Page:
Saturday, October 31, 2009

The Second Crusade

The success of the Christians in the First Crusade had been mainly a cause of the disunion among their enemies. But the Moslems learned in time the value of united action, and in 1144 A.D. succeeded in capturing Edessa, one of the principal Christian outposts in the East. The fall of the city of Edessa, followed by the loss of the entire county of Edessa, aroused western Europe to the danger which threatened the Latin Kingdom of Jerusalem and led to another crusading enterprise.

"The apostle of the Second Crusade was the great abbot of Clairvaux, St. Bernard. Scenes of the wildest enthusiasm marked his preaching. The scenes that marked the opening of the First Crusade were now repeated in all the countries of the West. St. Bernard, an eloquent monk, was the second Peter the Hermit, who went everywhere, arousing the warriors of the Cross to the defence of the birthplace of their religion. When the churches were not large enough to hold the crowds which flocked to hear him, he spoke from platforms erected in the fields."

The Second Crusade was the second major crusade launched from Europe, called in 1145. Edessa was the first of the Crusader states to have been founded during the First Crusade, and was the first to fall. The Second Crusade was announced by Pope Eugene III, and was the first of the crusades to be led by European kings, with help from a number of other important European nobles. The armies of the two kings marched separately across Europe and were somewhat hindered by Byzantine emperor Manuel I Comnenus; after crossing Byzantine territory into Anatolia, both armies were separately defeated by the Seljuk Turks. Louis and Conrad and the remnants of their armies reached Jerusalem and participated in an ill-advised attack on Damascus. The crusade in the east was a failure for the crusaders and a great victory for the Muslims. It would ultimately lead to the fall of Jerusalem and the Third Crusade at the end of the 12th century.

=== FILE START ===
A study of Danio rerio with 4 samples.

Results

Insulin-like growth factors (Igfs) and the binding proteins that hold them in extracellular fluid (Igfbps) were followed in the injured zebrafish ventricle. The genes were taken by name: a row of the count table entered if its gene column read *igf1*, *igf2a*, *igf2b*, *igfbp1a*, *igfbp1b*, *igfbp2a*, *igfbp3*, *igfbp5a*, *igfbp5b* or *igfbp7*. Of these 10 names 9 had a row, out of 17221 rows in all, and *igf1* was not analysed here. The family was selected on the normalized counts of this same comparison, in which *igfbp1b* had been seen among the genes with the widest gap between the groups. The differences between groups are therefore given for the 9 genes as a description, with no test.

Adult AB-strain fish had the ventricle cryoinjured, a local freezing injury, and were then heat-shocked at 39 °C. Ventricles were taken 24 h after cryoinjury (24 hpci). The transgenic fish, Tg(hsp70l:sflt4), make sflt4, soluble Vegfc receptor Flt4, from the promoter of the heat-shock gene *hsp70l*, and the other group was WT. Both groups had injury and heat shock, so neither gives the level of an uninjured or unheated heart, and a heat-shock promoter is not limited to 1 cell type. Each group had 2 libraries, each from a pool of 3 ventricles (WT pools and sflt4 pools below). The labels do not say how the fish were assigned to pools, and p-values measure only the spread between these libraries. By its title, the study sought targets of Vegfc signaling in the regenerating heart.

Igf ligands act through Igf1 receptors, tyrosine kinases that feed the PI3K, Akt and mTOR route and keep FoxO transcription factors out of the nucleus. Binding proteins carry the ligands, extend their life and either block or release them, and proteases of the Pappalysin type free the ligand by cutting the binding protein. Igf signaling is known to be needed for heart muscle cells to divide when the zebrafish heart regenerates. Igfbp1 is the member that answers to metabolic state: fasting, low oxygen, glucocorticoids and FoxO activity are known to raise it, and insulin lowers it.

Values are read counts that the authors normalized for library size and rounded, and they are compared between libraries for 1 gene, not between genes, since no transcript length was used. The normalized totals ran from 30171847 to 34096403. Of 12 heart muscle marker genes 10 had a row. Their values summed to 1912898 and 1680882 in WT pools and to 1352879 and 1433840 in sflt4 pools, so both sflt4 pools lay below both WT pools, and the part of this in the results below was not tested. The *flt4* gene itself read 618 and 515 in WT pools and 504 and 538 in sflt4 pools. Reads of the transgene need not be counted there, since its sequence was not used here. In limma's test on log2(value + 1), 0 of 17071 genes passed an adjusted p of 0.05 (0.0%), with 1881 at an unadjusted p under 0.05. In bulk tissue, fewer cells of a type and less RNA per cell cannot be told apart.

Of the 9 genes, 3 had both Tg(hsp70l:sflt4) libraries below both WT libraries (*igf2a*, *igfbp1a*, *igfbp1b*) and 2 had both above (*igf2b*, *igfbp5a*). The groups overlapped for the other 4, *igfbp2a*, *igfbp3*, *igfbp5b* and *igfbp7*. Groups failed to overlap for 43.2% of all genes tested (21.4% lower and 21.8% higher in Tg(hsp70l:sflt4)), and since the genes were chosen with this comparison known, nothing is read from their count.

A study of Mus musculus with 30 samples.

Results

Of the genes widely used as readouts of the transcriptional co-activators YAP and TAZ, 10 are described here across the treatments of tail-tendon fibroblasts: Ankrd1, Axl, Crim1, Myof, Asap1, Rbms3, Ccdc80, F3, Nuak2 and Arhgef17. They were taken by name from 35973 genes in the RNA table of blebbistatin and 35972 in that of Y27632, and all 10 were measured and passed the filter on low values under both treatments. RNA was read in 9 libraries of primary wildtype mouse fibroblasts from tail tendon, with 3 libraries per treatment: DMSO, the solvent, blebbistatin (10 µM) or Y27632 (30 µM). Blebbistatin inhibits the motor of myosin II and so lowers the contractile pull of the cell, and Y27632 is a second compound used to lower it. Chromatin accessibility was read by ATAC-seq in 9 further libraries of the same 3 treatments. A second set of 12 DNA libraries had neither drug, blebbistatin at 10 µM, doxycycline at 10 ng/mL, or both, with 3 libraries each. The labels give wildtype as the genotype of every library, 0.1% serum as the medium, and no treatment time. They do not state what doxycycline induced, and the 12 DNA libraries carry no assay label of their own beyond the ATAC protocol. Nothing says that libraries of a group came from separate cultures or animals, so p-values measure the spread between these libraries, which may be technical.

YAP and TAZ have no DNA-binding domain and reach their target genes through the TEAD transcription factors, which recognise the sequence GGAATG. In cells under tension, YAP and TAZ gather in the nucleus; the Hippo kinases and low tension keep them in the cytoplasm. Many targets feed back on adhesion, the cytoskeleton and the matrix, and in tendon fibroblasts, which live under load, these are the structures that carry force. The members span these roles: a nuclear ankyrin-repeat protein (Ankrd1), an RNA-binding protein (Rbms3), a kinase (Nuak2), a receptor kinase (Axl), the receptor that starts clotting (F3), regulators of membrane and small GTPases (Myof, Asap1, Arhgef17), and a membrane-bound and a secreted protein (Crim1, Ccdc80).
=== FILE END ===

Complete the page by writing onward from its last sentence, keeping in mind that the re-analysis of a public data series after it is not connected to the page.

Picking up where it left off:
"Unlike the spectacular success of the First Crusade, the Second Crusade, launched in 1145, is generally regarded as a disaster for the Christian West. Even those who took part in the Crusade saw it as a failure."

In the East the situation was much darker for the Christians. In the Holy Land, the Second Crusade had disastrous long-term consequences for Jerusalem. (Book Internet)

Each of the Christian forces felt betrayed by the other. A new plan was made to attack Ascalon. Conrad took his troops to here, but no further help arrived, due to the lack of trust that had resulted from the failed siege. This mutual distrust would linger for a generation due to the defeat, to the ruin of the Christian kingdoms in the Holy Land. After quitting Ascalon, Conrad returned to Constantinople to further his alliance with Manuel. Louis remained behind in Jerusalem until 1149. Back in Europe, Bernard of Clairvaux was humiliated by the defeat. Bernard considered it his duty to send an apology to the Pope and it is inserted in the second part of his Book of Consideration. There he explains how the sins of the crusaders were the cause of their misfortune and failures. When his attempt to call a new crusade failed, he tried to disassociate himself from the fiasco of the Second Crusade altogether. He would die in 1153.

In 1171, Saladin, nephew of one of Nur ad-Din's generals, was proclaimed Sultan of Egypt, uniting Egypt and Syria and completely surrounding the crusader kingdom. Meanwhile the Byzantine alliance ended with the death of emperor Manuel I in 1180, and in 1187 Jerusalem capitulated to Saladin. His forces then spread north to capture all but the capital cities of the Crusader States, precipitating the Third Crusade. (Book Internet)

Overall the second crusade the strength of both the French and the German division of the expedition was wasted in Asia Minor, and the crusade accomplished nothing.